A controversial medical marijuana businessman who died in the explosive crash of his late model Lamborghini was awaiting sentencing on fraud charges.
The county Medical Examiner confirmed that Michael Llamas died at the wheel of his speeding sports car on North Harbor Drive not far from San Diego International Airport.
Llamas’s 2016 Lamborghini hit a curb, a palm tree, and an ornamental anchor, before bursting into flames just before 2 a.m. on Sunday, Nov. 5.
A female passenger was thrown from the car and injured.
Court documents obtained by NBC 7 confirm that Llamas pleaded guilty to wire fraud and another felony, and was due to be sentenced December 5, in federal court in Sacramento.
That case involved the filing of falsified documents and financial misdealings in a real estate sale.
Court records confirm that Llamas was also a defendant in at least four civil cases involving the medical marijuana business.
Llamas’s attorney in the federal fraud case told NBC 7 that Llamas “accomplished a number business successes relating to the hemp industry and medical uses of hemp and oil derived from hemp products.” Attorney Michael Pancer said that while preparing for Llamas’ sentencing hearing, his firm gathered numerous testimonials from persons who believe the products he has distributed were lifesaving and greatly reduced symptoms from many pain-causing and debilitating diseases and injuries.”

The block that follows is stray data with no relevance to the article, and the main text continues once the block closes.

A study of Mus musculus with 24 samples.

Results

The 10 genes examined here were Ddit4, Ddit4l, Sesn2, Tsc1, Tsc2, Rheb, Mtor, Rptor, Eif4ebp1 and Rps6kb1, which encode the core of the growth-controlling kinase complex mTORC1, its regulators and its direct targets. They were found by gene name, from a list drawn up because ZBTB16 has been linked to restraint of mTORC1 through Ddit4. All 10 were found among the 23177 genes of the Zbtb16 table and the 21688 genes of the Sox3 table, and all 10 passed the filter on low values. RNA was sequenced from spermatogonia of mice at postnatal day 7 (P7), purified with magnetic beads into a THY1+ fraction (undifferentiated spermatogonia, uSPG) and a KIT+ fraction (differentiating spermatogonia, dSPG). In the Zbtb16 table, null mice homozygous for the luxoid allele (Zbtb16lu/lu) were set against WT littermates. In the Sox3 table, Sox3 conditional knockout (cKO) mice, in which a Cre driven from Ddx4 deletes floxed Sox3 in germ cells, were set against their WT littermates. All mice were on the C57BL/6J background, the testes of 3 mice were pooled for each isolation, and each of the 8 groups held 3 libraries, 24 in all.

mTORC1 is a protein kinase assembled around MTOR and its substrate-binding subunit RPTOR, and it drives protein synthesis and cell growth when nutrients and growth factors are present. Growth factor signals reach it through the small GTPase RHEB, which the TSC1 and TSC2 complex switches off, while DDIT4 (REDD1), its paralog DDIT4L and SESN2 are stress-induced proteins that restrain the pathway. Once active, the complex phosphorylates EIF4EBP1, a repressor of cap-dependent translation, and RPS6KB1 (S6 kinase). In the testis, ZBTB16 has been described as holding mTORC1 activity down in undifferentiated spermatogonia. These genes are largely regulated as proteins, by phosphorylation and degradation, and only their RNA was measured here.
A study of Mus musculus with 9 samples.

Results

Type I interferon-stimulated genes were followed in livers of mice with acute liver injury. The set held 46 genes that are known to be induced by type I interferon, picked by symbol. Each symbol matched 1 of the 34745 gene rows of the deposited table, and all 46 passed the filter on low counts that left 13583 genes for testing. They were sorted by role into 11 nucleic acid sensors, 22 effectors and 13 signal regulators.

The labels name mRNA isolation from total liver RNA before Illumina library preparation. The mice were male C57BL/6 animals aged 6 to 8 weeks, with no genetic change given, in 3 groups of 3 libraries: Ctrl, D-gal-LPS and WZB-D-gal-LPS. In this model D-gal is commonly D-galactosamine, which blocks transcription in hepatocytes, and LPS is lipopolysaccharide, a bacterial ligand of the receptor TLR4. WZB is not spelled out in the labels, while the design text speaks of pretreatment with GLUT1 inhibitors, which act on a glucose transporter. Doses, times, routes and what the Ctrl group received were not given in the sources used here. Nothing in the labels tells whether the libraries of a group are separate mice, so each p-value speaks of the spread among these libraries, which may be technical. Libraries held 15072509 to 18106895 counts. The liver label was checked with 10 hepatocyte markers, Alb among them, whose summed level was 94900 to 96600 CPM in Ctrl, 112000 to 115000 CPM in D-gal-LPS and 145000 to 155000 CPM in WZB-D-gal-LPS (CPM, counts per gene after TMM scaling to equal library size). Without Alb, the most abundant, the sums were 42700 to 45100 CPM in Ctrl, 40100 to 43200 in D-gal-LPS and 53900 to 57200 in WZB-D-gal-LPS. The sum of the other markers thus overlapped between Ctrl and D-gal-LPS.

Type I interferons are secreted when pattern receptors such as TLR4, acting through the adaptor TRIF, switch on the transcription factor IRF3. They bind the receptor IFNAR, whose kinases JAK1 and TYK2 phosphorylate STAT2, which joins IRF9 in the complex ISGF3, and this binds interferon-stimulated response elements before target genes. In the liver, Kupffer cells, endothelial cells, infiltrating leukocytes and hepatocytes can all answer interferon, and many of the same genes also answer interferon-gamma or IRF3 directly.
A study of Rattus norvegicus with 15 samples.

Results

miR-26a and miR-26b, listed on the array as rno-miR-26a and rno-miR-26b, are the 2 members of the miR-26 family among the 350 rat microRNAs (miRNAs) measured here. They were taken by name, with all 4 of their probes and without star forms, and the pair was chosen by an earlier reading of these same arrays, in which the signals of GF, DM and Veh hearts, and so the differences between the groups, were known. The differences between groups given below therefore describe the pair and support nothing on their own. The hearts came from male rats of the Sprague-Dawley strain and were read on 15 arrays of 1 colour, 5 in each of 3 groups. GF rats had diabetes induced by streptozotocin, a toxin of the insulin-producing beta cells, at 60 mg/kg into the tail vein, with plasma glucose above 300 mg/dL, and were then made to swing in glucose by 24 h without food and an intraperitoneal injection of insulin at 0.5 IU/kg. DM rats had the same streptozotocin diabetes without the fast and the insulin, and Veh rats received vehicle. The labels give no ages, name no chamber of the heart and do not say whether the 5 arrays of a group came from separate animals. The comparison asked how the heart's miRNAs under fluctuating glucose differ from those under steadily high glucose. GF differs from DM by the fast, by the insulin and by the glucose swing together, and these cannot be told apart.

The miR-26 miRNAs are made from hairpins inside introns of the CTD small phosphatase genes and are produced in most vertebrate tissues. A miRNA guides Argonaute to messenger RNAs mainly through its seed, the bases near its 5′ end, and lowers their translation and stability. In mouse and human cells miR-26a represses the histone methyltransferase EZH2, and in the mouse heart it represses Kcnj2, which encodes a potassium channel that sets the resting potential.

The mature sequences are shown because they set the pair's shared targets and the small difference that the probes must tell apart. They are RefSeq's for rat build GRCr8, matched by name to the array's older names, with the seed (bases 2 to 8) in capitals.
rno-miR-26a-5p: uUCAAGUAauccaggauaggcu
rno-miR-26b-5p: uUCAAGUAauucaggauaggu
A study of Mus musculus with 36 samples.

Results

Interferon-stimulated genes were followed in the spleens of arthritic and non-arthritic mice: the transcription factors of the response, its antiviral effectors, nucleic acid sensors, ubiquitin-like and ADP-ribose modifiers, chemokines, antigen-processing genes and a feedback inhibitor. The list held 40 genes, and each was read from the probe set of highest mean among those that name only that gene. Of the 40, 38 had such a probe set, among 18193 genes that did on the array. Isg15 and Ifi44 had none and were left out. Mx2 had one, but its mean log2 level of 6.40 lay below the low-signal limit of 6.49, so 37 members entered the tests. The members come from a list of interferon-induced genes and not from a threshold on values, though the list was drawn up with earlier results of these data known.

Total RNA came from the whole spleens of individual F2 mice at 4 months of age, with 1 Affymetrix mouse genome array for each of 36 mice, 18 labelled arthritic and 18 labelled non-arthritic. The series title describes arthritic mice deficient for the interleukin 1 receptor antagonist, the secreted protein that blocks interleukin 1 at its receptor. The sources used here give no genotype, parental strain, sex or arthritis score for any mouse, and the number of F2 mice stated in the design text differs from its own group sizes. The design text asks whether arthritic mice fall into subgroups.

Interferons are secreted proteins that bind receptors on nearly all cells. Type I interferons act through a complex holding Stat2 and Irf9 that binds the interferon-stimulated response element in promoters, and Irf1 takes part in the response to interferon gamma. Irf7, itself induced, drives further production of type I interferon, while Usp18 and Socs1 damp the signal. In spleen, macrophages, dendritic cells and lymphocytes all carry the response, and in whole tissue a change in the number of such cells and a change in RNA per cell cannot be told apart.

Pancer said he had hoped Llamas would get probation, instead of up to six years in federal prison, at his December 5th sentencing.
His attorneys told NBC 7 that Llamas never appeared depressed or suicidal about his upcoming sentencing, and was looking forward to life and business after serving what they predicted would be probation or a brief prison sentence.
Another lawyer who represented Llamas in the federal case said his client helped patients in need of pain relief around the world, often at his own expense.
"He was one person who was the complete opposite of selfish," said attorney Guadalupe Valencia, who knew Llamas for five years and considered him a friend.
"He always talked about helping other people. That’s a lot of what his life was about. Like any other person involved in a big business, there’s always going to be some types of lawsuits, but he was a really reformed, really good young man," Valencia said.